A 36th Fighter Squadron F-16, front, flies with a USMC F-35B, left, and a Republic of Korea F-15K Slam Eagle during a 2017 show of force flight south of the DMZ. Photos: A1C Gwendalyn Smith; SSgt. Alex Fox Echols III; TSgt. Travis Edwards
North Korean officials in late September accused the United States of declaring war on their country and said they have the right to shoot down US bombers operating in international airspace.
The comments followed a series of tweets from President Donald J. Trump, which said if the North Korean regime “echoes thoughts of Little Rocket Man they won’t be around much longer!”
The escalated rhetoric comes as North Korea ramps up its nuclear and ballistic missile testing. In mid-September, North Korea launched an intercontinental ballistic missile, and its 1,200-mile course took it over Japan. Just two weeks earlier, North Korea had conducted its sixth—and most powerful—nuclear test, claiming it now had the capability to mount a hydrogen bomb on a long-range missile.
“While we are prepared to respond to a wide range of growing threats, our most pressing concerns are the most recent actions taken by North Korea” which “seeks to test in-theater an intercontinental ballistic missile capable of threatening the US homeland,” said Pacific Air Forces Commander Gen. Terrence J. O’Shaughnessy in a recent video address to airmen. “Our President has stated we cannot allow this to happen. In response to this challenge, all options are on the table.”
In the event of a crisis, the US, South Korea, and 15 other nations could conduct some 2,000 sorties per day. US forces will comprise roughly 60 percent of the available iron, but the Republic of Korea Air Force will execute roughly 80 percent of the air tasking order, 7th Air Forces officials told Air Force Magazine. Sending states are nations that, along with the US, committed to sending forces in 1953 when the armistice agreement was signed, to defend South Korea.
“This effort will require coordinated and integrated airpower in a congested and contested battlespace,” said 7th Air Force officials.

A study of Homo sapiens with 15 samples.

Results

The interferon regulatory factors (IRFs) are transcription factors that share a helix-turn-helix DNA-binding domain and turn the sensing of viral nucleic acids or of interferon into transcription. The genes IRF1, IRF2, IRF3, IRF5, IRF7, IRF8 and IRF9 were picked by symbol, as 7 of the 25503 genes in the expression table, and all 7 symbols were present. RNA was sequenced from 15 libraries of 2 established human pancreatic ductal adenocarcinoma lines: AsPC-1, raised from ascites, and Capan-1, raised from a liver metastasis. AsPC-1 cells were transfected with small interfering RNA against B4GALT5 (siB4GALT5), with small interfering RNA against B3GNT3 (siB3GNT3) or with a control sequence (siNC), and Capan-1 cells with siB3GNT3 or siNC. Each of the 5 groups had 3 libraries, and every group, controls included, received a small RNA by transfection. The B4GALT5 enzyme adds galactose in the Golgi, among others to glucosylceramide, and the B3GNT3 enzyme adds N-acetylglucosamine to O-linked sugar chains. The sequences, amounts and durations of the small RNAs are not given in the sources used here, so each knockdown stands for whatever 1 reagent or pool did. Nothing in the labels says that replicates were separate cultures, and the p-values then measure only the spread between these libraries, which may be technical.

That’s why airmen based in South Korea are always on exercise. In fact, there are more than 30 exercises a year conducted on the peninsula. The annual Ulchi Freedom Guardian (UFG) and Key Resolve are two of the Defense Department’s largest exercises.
UFG is a computer-assisted exercise focused on defending South Korea from an attack from the North. This year’s iteration ran from Aug. 21-31. About 17,500 US service members participated, as well as seven sending nations, comprising Australia, Canada, Columbia, Denmark, New Zealand, the Netherlands, and the United Kingdom.
Key Resolve is an annual command and control exercise conducted across South Korea. In 2017, about 12,800 US forces and 10,000 South Korean military personnel participated, as well as dozens of augmentation forces and multinational representatives from Australia, Canada, Denmark, France, and Great Britain. Key Resolve enables US, South Korean, and allied troops to work side-by-side just as they would during wartime operations.
In 2013, 7th Air Force conducted a comprehensive review of all wargames held in Korea and concluded that individually the exercises such as UFG and Key Resolve provided a lot of value, but the Air Force needed something that linked the strategic drills to the more tactical. Exercise Vigilant Ace was the answer. First launched in 2015, Vigilant Ace specifically exercises the pre-position air tasking order that simulates the first few days of conflict on the peninsula. It includes 24/7 flying operations and demonstrates the United States’ “capability to maximize our regional forces and generate combat power with little to no notice,” according to 7th Air Force.
“Key Resolve and Ulchi Freedom Guardian exercise the strategic level, whereas the tactical level is all simulated,” said Lt. Col. David Villa, 7th AF inspector general, and exercise planner, in a November 2015 Osan release. “The other types of exercises we typically do are tactical level exercises where the wing executes the flying but there’s no higher level command and control or strategic level involvement above the wing. So this exercise is unique in that it bridges the gap and is specifically focused on exercising the strategic to operational to tactical level linkages.”
In his video address to airmen, O’Shaughnessy said the command is working with Chief of Staff Gen. David L. Goldfein and the commander of US Pacific Command to identify areas to further improve readiness in case a military response becomes necessary. The theater is rapidly changing, he noted, and the Air Force is determined to maintain its competitive advantage.
“Our task is not easy. We stand on the border of democracy and tyranny, between freedom and oppression. Our hope is for peace on the peninsula from our mere presence, but ultimately, I know that you’re ready, and if called upon to practice our craft, may God have mercy on the Wolf Pack’s prey,” said Col. David G. Shoemaker when he assumed command of the 8th Fighter Wing at Kunsan in May 2017.